A Biomedical Engineer at NUI Galway has been chosen as one of four researchers in the Republic of Ireland to receive a prestigious Royal Society-SFI University Research Fellowship today.
Dr Eimear Dolan received one of the Royal Society’s 43 new University Research Fellowships for 2019.
The researchers will take up their new posts at 24 institutions across Ireland and Britain at the start of October.
Dr Dolan was appointed a University Research Fellow and awarded over €732,000 for her research project – A Soft Robotics Approach to Reduce the Foreign Body Response to Medical Implants.
She has developed a proof-of-concept soft robotic implant, which she plans on adapting as a treatment for Type 1 Diabetes.
Dr Dolan plans on establishing relationships with other research institutes to become the global leader in innovative medical devices.
During her Fellowship she will be based at NUI Galway and will also spend some time at Massachusetts Institute of Technology (MIT).
Speaking about her Research Fellowship award, Dr Eimear Dolan, College of Science and Engineering, NUI Galway, said: “I am delighted to be awarded a Royal Society-SFI University Research Fellowship.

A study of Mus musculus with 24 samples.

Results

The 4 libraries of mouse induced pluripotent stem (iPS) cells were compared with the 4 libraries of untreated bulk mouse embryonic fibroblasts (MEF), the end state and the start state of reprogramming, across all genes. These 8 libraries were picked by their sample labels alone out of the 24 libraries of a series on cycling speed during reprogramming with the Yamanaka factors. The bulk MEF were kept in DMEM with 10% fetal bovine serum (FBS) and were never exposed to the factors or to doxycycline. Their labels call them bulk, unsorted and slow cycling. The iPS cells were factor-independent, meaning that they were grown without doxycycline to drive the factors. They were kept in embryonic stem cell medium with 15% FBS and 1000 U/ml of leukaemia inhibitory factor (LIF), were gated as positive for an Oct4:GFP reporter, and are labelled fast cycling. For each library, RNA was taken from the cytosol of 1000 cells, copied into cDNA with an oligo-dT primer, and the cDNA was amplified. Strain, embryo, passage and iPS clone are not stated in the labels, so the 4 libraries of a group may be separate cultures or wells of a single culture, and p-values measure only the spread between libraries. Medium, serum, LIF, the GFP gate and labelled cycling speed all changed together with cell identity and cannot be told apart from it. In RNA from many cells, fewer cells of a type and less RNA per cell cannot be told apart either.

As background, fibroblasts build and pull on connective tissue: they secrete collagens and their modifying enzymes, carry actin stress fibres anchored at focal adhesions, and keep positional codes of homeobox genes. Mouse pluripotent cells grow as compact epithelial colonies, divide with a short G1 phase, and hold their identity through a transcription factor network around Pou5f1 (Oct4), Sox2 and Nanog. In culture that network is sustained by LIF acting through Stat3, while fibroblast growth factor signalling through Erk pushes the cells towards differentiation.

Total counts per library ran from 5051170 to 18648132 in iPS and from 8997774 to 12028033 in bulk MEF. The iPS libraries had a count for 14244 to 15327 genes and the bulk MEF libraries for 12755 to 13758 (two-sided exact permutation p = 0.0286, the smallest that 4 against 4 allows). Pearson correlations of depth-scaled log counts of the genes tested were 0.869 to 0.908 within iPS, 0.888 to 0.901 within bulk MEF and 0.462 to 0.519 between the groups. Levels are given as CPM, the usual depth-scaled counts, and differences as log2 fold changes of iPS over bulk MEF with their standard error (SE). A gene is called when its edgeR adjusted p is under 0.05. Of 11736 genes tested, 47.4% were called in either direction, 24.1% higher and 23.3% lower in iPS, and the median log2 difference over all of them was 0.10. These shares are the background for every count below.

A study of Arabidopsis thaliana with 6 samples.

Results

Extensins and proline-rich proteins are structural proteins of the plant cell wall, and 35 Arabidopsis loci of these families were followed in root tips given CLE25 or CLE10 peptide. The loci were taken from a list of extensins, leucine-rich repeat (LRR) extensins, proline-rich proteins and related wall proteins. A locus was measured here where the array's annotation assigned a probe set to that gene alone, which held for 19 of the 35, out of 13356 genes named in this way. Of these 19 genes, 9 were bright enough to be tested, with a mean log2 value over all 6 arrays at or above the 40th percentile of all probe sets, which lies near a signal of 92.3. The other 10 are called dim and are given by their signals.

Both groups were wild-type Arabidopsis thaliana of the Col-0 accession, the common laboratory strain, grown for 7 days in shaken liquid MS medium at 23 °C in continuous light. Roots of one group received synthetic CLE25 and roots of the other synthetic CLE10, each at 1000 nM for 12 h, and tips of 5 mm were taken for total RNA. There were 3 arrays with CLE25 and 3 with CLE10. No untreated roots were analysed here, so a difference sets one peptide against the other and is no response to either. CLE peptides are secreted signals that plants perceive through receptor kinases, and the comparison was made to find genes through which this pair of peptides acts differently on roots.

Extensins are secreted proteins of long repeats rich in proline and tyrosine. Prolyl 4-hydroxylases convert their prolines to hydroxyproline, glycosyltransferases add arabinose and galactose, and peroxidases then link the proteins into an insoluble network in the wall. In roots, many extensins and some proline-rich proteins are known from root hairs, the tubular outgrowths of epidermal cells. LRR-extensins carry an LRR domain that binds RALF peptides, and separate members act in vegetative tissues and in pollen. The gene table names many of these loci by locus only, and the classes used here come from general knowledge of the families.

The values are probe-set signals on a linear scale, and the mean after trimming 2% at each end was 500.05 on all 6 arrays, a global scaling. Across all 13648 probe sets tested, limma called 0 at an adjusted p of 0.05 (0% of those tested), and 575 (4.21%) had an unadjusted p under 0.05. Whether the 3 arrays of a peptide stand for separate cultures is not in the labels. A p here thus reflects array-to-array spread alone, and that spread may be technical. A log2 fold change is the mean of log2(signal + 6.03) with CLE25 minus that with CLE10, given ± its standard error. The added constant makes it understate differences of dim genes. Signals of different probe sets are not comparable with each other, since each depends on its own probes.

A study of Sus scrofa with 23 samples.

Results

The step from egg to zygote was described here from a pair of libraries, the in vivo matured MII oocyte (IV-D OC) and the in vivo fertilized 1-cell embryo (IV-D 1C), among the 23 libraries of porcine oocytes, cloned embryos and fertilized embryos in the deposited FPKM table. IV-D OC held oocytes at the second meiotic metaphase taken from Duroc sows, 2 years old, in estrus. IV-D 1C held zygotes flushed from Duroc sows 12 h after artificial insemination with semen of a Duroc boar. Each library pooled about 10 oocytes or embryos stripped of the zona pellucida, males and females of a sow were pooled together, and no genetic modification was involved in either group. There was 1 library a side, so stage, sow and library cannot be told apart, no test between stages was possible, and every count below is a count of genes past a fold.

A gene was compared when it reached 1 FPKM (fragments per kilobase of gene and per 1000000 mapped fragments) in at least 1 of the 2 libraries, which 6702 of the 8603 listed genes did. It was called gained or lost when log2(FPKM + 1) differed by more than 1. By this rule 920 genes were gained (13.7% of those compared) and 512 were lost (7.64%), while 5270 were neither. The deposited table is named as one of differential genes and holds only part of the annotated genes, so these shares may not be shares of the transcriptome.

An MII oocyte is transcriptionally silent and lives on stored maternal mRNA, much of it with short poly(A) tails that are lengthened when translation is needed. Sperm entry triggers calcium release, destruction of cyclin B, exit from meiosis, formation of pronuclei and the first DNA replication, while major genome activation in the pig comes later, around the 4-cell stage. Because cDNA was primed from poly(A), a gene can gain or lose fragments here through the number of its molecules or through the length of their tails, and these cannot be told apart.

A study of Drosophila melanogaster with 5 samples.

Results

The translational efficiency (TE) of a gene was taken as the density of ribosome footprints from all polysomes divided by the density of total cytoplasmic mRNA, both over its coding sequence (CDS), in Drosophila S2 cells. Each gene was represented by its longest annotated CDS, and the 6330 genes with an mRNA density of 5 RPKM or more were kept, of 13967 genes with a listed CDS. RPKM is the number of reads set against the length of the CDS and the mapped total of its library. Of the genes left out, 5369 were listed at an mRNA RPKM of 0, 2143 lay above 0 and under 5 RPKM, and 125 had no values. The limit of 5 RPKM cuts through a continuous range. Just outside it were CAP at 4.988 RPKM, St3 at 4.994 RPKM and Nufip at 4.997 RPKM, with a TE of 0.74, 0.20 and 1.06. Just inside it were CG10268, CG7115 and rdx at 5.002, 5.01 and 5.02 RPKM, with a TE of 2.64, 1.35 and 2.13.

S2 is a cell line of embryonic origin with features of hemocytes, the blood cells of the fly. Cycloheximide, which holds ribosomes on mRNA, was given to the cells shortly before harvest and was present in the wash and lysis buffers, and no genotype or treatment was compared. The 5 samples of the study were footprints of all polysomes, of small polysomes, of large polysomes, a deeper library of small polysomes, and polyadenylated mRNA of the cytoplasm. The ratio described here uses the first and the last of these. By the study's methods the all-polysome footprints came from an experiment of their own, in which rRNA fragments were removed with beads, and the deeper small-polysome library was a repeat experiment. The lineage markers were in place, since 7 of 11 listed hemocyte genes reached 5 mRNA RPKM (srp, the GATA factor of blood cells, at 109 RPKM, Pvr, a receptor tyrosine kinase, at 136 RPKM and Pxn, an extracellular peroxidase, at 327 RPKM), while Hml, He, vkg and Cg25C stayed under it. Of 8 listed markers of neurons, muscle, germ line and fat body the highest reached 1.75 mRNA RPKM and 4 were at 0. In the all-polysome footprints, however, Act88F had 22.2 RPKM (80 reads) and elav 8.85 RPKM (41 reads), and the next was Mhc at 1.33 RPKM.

“It is a great honour to be an awardee of such a prestigious Fellowship. The award will provide me with time and funding to establish my independent research group and achieve my research goals.
“I am at a very exciting stage in my career and I look forward to working with the Royal Society, SFI and NUI Galway.”
Welcoming the announcement, Dr Ruth Freeman, Director of Science for the Royal Society in SFI, said: “The Royal Society-SFI University Research Fellowships Scheme, which contributes to Ireland’s international reputation for research excellence, recognises those with the potential to become Ireland’s future research leaders.
“I am delighted to congratulate the four researchers who have been granted these prestigious awards and wish them every success for the future.
“We are delighted to work together with our UK partners, the Royal Society, to ensure that young researchers have access to stellar opportunities such as these which will launch their research careers.”